Hallerbos – The Valley of Bluebells


Spring. Just the mere mention of it invokes a riot of colours in blooms and a clean slate of a sky to rejuvenate the year. It’s the season of rainbows and unicorns, daffodils and fresh blooms. What if there is a blue forest somewhere? Imagine walking past a valley in a forest lined with a carpet of blue and not the usual green. Imagine the entire expanse of your sight awash with blue and purple, slightly swaying in the spring breeze, the bells of the flowers making a silent noise. Well, if you are in Western Europe, do not waste time on imagination and head straight to Hallerbos forest in Belgium which turns blue every Spring.

How blue is my valley?

I haven’t been to many forests, but this one tends to welcome you with its open arms of beeches and sequoia, their young tender leaves imparting a serene hue of green all around. The leaves have just sprung up at the advent of spring, their colour and density changing by the day. Their transparent leaves filter the sunlight and spread their warmth upon the bluebells.

Bluebells/Blue Hyacinten

The blue in Hallerbos hits you right at the start of the trail. There’s a simple theory – the bluebells start blooming somewhere from April and last till mid-May, depending on the weather. The large beeches also begin their sprouting season almost simultaneously. Their young green leaves filter the sunlight that reaches the bluebells on the ground and determines the growth and shade of the flowers. For instance, we were in Hallerbos in the third week of April and the sunlight was fairly abundant, helping the bluebells bloom and retain their bright blue hue. In the subsequent weeks, the beech leaves have increased in density, filtering very less sunlight, resulting the bluebells to turn into a greyer shade of purple and start wilting.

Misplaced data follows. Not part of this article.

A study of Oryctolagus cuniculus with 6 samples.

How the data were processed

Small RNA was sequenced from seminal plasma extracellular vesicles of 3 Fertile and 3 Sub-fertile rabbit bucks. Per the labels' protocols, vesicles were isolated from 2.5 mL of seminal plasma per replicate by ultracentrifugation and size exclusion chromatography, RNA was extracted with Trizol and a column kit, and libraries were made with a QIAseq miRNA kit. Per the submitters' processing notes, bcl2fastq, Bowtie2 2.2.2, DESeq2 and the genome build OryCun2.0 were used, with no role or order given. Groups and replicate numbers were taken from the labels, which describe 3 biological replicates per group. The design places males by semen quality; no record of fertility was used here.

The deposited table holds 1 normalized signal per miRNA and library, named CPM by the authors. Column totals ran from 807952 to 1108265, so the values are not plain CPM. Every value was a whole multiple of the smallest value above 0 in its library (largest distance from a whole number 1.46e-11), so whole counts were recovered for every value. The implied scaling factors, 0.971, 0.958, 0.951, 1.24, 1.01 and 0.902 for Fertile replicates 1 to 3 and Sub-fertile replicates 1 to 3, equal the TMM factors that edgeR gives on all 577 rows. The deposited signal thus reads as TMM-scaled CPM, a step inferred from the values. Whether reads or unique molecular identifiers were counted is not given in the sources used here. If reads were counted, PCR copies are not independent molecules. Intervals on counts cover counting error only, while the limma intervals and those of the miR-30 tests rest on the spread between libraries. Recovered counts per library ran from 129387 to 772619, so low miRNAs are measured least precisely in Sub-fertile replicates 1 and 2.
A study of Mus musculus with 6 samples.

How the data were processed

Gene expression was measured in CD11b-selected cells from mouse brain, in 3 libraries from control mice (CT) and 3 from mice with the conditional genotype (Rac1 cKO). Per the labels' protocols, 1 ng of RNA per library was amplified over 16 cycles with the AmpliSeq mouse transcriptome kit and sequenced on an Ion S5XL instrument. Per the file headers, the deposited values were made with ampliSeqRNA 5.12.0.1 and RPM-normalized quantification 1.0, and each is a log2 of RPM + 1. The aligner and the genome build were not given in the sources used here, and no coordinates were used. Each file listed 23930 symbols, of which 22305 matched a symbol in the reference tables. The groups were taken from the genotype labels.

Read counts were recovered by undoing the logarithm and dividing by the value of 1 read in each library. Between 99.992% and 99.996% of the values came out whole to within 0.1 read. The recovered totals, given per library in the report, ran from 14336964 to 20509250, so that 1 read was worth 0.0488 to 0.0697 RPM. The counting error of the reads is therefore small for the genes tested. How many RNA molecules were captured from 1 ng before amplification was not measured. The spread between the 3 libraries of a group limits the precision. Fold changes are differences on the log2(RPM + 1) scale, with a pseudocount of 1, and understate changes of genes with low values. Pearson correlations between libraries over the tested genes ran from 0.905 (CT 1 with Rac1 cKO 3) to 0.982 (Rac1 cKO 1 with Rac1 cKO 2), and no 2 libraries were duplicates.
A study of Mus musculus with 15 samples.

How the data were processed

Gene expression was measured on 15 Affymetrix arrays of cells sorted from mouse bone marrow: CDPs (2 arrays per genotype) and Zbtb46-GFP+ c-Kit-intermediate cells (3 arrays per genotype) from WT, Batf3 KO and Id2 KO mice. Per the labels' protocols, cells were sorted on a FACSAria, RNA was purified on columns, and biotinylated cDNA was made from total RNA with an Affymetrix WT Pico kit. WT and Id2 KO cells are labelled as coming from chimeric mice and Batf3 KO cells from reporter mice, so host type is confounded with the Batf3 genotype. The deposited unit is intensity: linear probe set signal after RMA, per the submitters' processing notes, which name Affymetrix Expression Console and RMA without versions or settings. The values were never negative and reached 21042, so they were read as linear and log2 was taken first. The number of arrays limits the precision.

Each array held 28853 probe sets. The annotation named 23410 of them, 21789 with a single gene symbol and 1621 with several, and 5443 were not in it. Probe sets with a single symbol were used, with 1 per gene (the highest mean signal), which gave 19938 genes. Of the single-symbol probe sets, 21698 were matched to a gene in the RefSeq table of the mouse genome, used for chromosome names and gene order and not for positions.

Beeches

This is an amazing phenomenon and I haven’t witnessed this anywhere else! Of course, there are other variants of flora in Hallerbos too – we have missed the yellow Daffodils and Snowdrops that bloomed early April, but we found bushes of anemones (white and pink), young saplings of beech, quite a few wild yellow flowers and a bunch of conifers standing short among beeches and sequoia.

Pink anemones

How to reach and navigate in Hallerbos?

The town of Halle is on the southern suburbs of Brussels and can be reached by train from Brussels Central. When you alight at Halle station, you can take the De Lijn buses towards Hallerbos or a free shuttle that operates in the peak season (few weeks of April), every half hour.

Once you reach the forest, you will find volunteers with maps to explain the routes/trails. The blue trail on the map follows the route of only the bluebells and is short (about 5-6 km), while the yellow trail covers most part of the bluebells, part of Daffodils and an amazing forest hike that may include the Deer track (about 11 km in total). We did the longer one and it was absolutely worth it. The undulated terrains shimmering in spring heat evaporating from a dying stream, the sequoia heads high up in the atmosphere swaying with spring breeze, birds cooing on the beeches and lesser explored tracks make this hike a memorable one.

Valley of Bluebells

Things to remember

  • Carry your own food and drink in abundance. Hallerbos is a natural habitat and there are no restaurants/cafes until you reach Halle town.
  • There are very few temporary toilets in the forest – one at the beginning of the trail (Parking 8) and another at Parking 10.
  • Carry a few emergency medicines that might be handy.
  • Wear light clothes, the forest is not dense and usually warm in the flowering season (April-May).

If you are anywhere in Western Europe during spring, do not miss the beauty at Hallerbos. This year, the flowering season is at its end already. You can check the life cycle of the bluebells in the regular video updates at the Hallerbos tourism website. It’s a treat for any nature lover to witness this phenomenon gradually through a series of videos. There’s also every other information that you need to plan your trip.

Trust me, once you’re there, you might never forget the sight that’s a rarity elsewhere.